Consider battle properly joined between Gracenote and The Echo Nest, with the former finally opening up its music APIs and SDKs fully to developers on Friday.

We say ‘fully’ because Gracenote’s MusicID audio fingerprinting tech has already been used by the likes of Sony, Soundtracking, MusiXmatch and Rhapsody in their apps. Now it’ll be usable by smaller developers and startups too, whether they’re making mobile or desktop apps, or websites.

“Innovation comes from anywhere, not just from big, well-funded companies,” said president Stephen White in a statement.

“There is no other open development platform for music available today that has the depth and scale that Gracenote supports. We want to discover the next great music developers by giving them a chance to dive deep into this data and technology, play around with it, and see what they can create.”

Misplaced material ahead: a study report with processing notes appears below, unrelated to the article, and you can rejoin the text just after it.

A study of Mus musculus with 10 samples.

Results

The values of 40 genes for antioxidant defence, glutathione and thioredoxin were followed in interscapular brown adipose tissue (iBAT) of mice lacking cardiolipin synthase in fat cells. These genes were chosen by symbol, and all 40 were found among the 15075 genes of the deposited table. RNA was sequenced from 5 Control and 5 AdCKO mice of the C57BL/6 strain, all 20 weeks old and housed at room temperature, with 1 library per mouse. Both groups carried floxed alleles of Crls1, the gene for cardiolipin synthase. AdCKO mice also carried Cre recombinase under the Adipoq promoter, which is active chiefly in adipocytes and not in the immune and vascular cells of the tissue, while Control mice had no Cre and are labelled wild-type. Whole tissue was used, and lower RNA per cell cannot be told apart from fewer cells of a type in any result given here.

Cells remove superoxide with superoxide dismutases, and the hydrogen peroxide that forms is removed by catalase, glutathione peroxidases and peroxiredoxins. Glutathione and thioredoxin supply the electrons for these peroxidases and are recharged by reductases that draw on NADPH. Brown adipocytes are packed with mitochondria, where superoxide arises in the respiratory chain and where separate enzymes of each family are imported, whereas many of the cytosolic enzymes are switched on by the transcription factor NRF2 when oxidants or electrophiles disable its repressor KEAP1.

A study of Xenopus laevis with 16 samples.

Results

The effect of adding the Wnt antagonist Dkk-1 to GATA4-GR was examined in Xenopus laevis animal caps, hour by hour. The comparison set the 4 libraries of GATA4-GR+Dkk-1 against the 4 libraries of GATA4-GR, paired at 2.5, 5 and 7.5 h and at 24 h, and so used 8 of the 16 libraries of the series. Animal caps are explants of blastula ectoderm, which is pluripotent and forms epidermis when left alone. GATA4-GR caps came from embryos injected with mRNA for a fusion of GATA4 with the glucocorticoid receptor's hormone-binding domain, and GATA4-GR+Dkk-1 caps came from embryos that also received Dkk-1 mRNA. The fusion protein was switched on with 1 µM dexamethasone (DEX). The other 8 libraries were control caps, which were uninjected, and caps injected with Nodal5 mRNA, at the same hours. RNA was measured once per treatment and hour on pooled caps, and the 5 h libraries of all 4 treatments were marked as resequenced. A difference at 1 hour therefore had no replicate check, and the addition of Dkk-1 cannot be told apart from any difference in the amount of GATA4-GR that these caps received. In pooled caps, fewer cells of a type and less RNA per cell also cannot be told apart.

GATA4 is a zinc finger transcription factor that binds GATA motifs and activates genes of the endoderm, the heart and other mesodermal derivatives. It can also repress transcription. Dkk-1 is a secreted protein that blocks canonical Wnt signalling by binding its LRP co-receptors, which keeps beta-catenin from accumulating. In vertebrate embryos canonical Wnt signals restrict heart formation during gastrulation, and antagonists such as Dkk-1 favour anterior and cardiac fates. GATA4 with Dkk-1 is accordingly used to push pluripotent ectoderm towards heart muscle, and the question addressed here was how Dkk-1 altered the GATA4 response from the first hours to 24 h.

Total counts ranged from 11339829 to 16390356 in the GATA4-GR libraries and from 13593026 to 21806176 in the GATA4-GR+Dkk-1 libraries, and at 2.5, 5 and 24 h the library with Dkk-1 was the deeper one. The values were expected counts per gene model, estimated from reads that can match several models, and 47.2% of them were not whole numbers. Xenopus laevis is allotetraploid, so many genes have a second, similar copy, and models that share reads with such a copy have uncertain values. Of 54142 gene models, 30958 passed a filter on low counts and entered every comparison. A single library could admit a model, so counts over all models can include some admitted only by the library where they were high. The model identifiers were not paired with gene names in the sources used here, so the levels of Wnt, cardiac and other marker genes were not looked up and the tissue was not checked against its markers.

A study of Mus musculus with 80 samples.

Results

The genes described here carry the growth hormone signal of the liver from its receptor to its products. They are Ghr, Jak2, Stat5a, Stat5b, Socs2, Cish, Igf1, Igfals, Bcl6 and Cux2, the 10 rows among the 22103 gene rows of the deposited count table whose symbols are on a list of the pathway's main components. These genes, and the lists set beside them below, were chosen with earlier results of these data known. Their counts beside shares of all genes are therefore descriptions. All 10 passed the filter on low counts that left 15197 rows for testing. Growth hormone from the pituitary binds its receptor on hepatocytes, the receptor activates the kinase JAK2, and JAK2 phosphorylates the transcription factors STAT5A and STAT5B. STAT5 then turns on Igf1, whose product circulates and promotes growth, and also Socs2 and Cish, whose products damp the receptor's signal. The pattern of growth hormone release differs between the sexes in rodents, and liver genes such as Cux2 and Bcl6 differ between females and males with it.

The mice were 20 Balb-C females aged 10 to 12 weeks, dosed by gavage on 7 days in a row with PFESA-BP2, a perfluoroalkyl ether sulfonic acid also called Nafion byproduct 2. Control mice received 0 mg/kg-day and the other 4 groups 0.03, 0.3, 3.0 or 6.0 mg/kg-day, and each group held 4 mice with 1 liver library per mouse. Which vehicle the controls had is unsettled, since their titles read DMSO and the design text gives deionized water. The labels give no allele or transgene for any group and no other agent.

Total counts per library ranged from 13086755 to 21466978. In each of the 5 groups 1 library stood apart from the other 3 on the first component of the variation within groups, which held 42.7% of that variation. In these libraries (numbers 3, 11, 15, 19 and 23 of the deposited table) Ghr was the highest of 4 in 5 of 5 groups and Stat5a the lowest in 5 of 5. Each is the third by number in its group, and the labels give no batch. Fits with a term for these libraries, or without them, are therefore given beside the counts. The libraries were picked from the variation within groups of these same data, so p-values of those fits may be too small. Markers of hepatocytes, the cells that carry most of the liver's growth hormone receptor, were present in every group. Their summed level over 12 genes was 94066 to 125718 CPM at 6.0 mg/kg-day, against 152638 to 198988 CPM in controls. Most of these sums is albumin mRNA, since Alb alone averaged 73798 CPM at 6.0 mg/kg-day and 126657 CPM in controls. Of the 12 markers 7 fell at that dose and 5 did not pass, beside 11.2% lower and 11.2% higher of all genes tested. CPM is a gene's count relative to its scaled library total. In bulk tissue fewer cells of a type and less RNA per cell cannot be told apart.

Gracenote is pitching the initiative as a way to “acknowledge our roots” – its database was freely accessible to developers in the company’s earlier days.

It’s just as much an acknowledgement of stiff competition from The Echo Nest, whose APIs have been used for more than 350 apps (not to mention Spotify, Nokia, Vevo and Clear Channel), and which raised $17.3m of funding in 2012 before poaching two of Gracenote’s senior executives.

Intensifying competition between the two companies should be good for developers, and for music/tech innovation.


  2. Is this the same Gracenote that released their database with an open source license for people to contribute to then claimed it was a mistake and is actually proprietary?